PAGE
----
The “Writers Under Construction” campers came from elementary schools all over the city of St. Joseph, grades three through six, and gathered at Missouri Western State University from May 24– June 17.
On some days, as many as one hundred authors gathered to journal, reflect, and respond to writing prompts, art work and read alouds. Writers shared their writing during open mic time and learned a great deal from one another’s work. After open mic, the students met in literature circles and discussed the book they had chosen to read. Reading the works of popular, current authors gave students a chance to study how these authors crafted their stories. Students were asked to record their visualizations, questions, connections, inferences, and predictions as they read. Break time came next and was an opportunity to relax, find inspiration, and make new friends. Following break, the writers reconvened in small groups to learn more about the craft of writing, to write more, and to share even more. They experienced a wide variety of writing activities, everything from writing dialogue using the Xtranormal website to crafting effective leads and endings. Every lesson was designed to help the students become better writers.
Two special highlights to this year’s camp were the writing marathons. The first marathon took the campers around the Missouri Western campus. As students viewed the empty stage in the theater or the fountain in front of Eder Hall many of them found inspiration from writing in new surroundings. While touring campus, the campers also visited the Conservation Center. They spent time writing in the woods as well as around the pond, immersed in nature. Photos that were taken during the marathon were then used as writing prompts for the following day. Many of the campers commented that writing while surrounded by nature can certainly be inspiring!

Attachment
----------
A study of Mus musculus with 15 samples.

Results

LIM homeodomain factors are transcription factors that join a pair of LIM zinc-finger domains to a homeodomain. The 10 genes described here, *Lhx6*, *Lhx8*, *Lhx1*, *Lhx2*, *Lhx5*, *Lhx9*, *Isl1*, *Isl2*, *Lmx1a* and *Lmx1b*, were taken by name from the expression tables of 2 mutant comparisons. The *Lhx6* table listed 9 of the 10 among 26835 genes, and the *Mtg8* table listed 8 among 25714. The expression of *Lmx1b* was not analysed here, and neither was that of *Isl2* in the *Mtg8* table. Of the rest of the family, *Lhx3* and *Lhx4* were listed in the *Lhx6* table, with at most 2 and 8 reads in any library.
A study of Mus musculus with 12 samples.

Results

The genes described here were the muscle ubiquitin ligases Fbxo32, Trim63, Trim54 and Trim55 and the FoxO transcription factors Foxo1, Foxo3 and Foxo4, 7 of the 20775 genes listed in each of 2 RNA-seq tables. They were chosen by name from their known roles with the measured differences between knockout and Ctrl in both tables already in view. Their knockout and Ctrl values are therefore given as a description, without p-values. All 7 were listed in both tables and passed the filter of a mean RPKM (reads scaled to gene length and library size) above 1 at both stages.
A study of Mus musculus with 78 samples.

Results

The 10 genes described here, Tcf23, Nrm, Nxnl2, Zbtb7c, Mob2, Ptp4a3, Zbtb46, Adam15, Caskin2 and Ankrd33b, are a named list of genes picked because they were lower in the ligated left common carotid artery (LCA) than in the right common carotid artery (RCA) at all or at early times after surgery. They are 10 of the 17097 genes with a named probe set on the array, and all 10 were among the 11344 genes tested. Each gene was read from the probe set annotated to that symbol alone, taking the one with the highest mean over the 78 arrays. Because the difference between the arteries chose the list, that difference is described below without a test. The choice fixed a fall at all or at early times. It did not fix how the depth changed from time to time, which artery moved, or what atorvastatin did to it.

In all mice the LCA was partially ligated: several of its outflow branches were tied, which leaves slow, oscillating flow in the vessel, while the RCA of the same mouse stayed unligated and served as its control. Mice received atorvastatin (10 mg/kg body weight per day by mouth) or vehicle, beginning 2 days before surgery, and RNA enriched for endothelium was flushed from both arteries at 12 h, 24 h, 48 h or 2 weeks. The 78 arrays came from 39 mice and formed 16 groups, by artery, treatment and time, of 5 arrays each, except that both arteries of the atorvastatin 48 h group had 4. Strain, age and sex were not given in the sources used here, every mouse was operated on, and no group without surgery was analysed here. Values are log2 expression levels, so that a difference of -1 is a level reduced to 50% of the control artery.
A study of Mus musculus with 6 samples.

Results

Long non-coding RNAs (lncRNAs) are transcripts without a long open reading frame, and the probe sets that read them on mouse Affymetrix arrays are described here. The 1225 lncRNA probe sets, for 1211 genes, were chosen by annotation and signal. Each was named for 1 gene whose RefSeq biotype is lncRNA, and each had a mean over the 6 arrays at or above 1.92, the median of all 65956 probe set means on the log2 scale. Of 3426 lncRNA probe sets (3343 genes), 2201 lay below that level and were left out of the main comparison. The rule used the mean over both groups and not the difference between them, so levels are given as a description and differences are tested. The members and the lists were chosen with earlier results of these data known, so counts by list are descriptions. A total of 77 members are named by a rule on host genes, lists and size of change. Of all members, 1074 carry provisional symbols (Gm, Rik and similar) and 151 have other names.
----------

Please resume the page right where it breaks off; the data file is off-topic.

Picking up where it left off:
The second writing marathon took the “Writers Under Construction” campers off campus to study the history of Saint Joseph. We visited the Robidoux Row museum as well as the Pony Express Museum to learn about and relive the history of early Saint Joseph. As they spent time writing around both museums, many of the students began crafting their own accounts of the history that was made in Saint Joseph. The facts learned and the artifacts that were viewed, allowed the students to add details to add to their stories that made them more authentic.
A writing celebration was planned for our last day of camp. Parents, family members, and teachers gathered together in the classrooms at MWSU to listen to each camper read an original piece that was written during writing camp. The creativity and learning that took place at camp were certainly evident on this day!